Germany's gross domestic product (GDP) grew 0.6 percent in the first quarter compared with the previous three months, adjusted for price, seasonal and calendar effects, federal statistics authority Destatis said.
That was in line with forecasts from analysts surveyed by data company Factset.
“The German economy is in the run-up to the longest (but not strongest) recovery phase” since the 1970s, said UniCredit analyst Andreas Rees.
The German economy has so far expanded in 15 of the past 16 quarters – well within reach of a previous record run of 18 out of 19 quarters of growth between the mid-1970s and early 1980.
At the moment, growth in Germany has been picking up again after a slump last summer following Britain's shock vote to quit the European Union.
Fear that trade barriers could spring up with Britain, one of Europe's largest economies and a key trading partner for Germany, meant that Brexit sapped the confidence of businesspeople, investors and consumers alike.
The economy expanded by just 0.2 percent in July to September, well short of the pace achieved in the first half of the year.
But with no immediate concrete impact from the referendum result, improving morale and strong fundamentals brought growth back to 0.4 percent between October and December.
“Germany's economic performance is a never-ending success story,” commented analyst Carsten Brzeski of ING Diba bank.
High levels of employment, rising wages and low interest rates have all boosted consumer spending, while government spending has increased following the refugee influx of 2015-16, he said.
Meanwhile, a weak euro makes German exports more price competitive.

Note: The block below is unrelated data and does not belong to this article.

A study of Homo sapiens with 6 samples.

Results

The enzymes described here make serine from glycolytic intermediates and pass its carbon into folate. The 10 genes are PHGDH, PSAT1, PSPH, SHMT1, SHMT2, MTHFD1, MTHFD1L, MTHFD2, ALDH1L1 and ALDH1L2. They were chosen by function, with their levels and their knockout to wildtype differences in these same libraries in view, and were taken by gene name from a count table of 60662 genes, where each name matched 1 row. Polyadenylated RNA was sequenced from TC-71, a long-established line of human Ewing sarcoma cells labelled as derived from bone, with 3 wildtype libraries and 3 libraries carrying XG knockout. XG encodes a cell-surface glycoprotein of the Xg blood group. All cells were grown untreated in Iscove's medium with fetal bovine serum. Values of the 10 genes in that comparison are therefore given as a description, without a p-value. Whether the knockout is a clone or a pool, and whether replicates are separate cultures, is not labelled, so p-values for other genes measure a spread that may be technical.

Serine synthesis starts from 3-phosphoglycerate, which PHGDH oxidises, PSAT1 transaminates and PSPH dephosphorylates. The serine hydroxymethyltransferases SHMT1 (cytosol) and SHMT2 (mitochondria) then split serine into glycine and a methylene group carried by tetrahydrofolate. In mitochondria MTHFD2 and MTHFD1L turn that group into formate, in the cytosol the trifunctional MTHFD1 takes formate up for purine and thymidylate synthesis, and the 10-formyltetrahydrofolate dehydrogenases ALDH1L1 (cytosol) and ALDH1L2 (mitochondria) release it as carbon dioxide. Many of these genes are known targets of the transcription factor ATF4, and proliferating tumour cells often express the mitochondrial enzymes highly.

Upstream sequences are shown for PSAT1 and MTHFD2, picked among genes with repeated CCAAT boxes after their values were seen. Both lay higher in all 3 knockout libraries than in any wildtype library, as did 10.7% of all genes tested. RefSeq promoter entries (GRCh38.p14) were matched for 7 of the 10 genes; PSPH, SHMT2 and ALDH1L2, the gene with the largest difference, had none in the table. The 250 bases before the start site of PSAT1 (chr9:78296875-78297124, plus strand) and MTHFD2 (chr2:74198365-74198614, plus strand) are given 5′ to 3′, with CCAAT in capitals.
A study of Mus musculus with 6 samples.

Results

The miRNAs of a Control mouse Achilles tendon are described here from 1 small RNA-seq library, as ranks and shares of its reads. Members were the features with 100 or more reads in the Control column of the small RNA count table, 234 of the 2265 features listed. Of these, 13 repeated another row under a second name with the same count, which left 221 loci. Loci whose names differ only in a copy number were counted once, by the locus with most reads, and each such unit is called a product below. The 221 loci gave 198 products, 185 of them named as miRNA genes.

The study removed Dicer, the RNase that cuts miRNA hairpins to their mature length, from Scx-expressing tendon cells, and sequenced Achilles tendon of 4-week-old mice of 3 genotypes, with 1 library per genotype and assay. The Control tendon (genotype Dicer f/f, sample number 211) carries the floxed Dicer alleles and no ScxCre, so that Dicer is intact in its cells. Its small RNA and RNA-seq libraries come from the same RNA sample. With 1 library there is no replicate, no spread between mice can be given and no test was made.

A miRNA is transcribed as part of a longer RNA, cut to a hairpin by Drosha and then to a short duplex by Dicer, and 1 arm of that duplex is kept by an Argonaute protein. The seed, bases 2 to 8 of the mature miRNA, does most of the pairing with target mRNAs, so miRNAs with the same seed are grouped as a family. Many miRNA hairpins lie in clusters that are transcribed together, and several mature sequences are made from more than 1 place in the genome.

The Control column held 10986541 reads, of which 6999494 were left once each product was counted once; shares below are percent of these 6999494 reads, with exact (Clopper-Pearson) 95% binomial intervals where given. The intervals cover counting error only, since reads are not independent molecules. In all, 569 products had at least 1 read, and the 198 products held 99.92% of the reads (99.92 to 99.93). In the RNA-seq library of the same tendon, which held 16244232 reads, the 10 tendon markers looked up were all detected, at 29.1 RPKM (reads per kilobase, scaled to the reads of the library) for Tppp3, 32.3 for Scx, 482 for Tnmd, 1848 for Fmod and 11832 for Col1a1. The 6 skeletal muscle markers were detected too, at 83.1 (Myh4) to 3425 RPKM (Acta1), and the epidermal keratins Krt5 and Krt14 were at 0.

“There are no signs that this recovery could come to an abrupt halt,” Brzeski said, adding that structural reforms and increased public and private investment would be needed to boost the economy still further.
Using a year-on-year comparison, GDP expanded by 1.7 percent from the first quarter of 2016, adjusted for calendar effects, Destatis said.
That was roughly the same growth rate as in the third and fourth quarters of 2016.
Looking ahead, Germany could surprise observers with even faster growth over the rest of the year, said analyst Florian Hense of Berenberg bank.
“Political uncertainties are either out of the way or have receded further,” he pointed out, after anti-EU parties in France and the Netherlands failed to take power at recent elections.
Across the Atlantic, President Donald Trump has yet to impose protectionist measures against imports into the United States or target alleged “currency manipulators” – which he has accused Germany and China of being – as he promised during his “America First” election campaign.
Continued growth in wages and increased investments by businesses that feel confident about the future have the potential to drive the economy even faster, Hense said.